Any freelance career starts with both what you know and who you know. The ‘what’ because, naturally, you have to be good at what you do to take the leap into freelance life. The ‘who’ because it massively helps if you already have contacts around you when you’re ready to take the jump into a freelance PR career.
Let’s jump into how you can get your PR career started as a standalone consultant, freelancer or remote PR professional.
When I say invest heavily I don’t necessarily mean spending money going to tons of events. What I mean is that you need to grow both your personal brand and your network so that you have enough contacts to immediately obtain work from when you switch to freelancing.
So, what does this mean? I’m talking about growing your network by:
It sounds like a lot, but if you’re not already freelancing you need some form of network to rely on prior to launching your consultancy. The more you can do networking both in-person and online prior to going freelance, the more relevant people actually know about you and the services you’re providing.
This is another really important part, and I want to stress this because it could take you months to rank for keywords like ‘freelance PR consultant’. IN fact, you’re actually looking more like 1 year+ in some areas e.g. if your competitors already have a website and a solid SEO strategy. Luckily for you, you can utiise your own PR to land features in quality websites and boost your rankings via backlinks. This is also a huge aspect of digital PR which you might want to look into.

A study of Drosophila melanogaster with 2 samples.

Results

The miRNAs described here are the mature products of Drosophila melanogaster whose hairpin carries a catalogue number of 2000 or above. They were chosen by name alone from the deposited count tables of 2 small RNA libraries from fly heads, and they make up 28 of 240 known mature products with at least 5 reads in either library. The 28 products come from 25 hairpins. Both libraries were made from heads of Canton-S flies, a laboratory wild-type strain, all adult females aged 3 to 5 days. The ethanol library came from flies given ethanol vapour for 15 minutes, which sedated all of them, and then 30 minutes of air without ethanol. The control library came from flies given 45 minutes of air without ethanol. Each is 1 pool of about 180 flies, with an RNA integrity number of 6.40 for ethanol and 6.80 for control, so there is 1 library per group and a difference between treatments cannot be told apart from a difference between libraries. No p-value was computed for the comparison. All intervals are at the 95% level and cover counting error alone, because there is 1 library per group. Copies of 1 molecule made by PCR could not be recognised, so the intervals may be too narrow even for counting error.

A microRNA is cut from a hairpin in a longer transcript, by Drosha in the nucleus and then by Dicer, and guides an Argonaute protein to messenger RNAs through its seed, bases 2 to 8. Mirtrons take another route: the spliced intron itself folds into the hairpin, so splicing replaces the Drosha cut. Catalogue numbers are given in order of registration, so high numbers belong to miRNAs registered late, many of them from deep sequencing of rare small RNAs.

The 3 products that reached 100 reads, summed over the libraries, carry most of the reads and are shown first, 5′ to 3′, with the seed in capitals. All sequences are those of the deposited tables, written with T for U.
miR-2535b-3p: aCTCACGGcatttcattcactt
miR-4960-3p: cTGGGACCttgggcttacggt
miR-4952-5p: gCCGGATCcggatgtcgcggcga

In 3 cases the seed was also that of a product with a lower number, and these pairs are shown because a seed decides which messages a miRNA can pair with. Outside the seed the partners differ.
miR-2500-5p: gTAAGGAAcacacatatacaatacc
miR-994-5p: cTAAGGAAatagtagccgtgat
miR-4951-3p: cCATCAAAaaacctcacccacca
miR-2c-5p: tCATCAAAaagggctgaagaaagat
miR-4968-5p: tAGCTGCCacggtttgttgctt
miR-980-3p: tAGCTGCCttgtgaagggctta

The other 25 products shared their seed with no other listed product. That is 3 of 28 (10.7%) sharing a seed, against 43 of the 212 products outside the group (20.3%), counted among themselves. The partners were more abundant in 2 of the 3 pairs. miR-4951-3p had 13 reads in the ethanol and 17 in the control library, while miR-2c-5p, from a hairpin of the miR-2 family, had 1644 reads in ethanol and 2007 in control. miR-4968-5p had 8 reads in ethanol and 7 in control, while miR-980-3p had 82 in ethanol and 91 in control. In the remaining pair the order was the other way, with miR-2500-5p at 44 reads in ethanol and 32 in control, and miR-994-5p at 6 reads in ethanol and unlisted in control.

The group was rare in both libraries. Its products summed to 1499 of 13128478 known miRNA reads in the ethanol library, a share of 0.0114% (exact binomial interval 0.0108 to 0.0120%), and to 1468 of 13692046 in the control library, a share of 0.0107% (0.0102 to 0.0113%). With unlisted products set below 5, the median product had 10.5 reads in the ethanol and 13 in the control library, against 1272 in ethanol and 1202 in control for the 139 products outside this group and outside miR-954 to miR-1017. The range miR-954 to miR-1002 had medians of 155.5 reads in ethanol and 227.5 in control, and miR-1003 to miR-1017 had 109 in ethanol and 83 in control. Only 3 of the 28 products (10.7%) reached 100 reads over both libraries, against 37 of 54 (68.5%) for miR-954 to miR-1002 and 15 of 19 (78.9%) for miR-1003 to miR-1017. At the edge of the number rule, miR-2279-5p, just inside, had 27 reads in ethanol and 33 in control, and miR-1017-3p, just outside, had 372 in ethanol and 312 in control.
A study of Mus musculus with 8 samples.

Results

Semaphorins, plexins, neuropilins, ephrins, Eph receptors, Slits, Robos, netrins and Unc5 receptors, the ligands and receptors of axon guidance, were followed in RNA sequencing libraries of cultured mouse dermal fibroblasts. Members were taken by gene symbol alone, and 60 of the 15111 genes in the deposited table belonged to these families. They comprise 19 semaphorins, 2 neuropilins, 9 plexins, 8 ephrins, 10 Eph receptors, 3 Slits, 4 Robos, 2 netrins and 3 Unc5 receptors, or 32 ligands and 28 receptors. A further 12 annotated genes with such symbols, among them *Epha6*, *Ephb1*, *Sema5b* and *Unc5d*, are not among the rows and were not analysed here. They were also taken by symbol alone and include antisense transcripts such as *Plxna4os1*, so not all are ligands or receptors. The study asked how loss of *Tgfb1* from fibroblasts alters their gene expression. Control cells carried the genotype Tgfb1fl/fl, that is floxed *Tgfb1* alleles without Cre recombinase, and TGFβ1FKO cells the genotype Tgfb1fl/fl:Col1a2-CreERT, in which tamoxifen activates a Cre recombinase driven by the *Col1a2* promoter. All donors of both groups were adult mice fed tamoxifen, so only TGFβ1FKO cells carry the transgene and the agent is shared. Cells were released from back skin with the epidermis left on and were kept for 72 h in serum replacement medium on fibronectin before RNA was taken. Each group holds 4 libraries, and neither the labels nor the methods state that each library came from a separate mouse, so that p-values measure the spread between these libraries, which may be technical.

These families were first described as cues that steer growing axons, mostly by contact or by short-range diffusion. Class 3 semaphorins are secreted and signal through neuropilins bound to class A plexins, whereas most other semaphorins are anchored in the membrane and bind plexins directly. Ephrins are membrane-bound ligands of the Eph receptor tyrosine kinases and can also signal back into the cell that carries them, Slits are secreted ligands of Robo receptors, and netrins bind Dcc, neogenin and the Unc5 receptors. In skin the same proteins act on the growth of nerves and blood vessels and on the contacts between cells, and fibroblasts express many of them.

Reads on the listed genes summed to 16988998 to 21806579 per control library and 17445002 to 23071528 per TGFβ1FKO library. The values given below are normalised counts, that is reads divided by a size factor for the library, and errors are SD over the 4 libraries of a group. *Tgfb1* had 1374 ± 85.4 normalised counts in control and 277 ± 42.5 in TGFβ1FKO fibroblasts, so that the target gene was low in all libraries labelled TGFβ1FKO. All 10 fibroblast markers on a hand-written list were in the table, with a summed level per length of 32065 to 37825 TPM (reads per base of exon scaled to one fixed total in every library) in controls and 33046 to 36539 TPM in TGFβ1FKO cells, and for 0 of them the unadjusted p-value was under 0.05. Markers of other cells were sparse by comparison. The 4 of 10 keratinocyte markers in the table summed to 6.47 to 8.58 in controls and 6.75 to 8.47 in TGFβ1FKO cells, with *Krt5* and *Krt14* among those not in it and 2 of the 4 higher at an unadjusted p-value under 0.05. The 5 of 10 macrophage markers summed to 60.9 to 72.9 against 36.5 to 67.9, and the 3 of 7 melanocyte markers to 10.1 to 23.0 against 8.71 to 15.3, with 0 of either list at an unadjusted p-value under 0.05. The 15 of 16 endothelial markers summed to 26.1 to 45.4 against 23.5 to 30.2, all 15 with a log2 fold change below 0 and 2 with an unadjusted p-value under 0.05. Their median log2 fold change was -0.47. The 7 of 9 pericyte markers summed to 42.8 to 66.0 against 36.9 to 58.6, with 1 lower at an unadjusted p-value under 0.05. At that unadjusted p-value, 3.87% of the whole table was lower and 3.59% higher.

The sooner you have an SEO and marketing strategy in place for your site, the sooner you can capture leads or enquiries outside of your immediate network.
This approach is often referred to as ‘white label’. Essentially, another freelancer or agency will hire you on a flexible contract to complete work for their clients. This works well because, although you often can’t share the work due to NDA, you often don’t have to talk to clients and can just get on with the work. How good is that!?
You might also be surprised at the number of larger PR agencies in particular who are crying out for help from quality freelancers. Simply Google ‘PR Agency + Location’ and get sending some messages!
By giving advice you can very quickly establish yourself as a PR expert. This works well on freelancing groups on sites like Facebook. In my freelancing career, I’ve found this works really well.
For example, someone looking to get their press release out to a specific publication or journalist. If you can help them, you’ve immediately shown you know what you’re doing. And, more often than not, the person asking will want you to do it for them (and pay you) because they see how much actually goes into the task.
Podcasts are amazing for loads of reasons, but when it comes to growing your freelancing career, they help massively because:
Sounds like a bit of an obvious one, but if you’re planning on starting your freelance PR career completely alone then you need to know that it’/s okay to reach out to other freelancers. Whether as a way to find work, bounce ideas off other freelancers or simply get a second opinion on a strategy, speaking to people with exactly the same career as you is a great way to grow.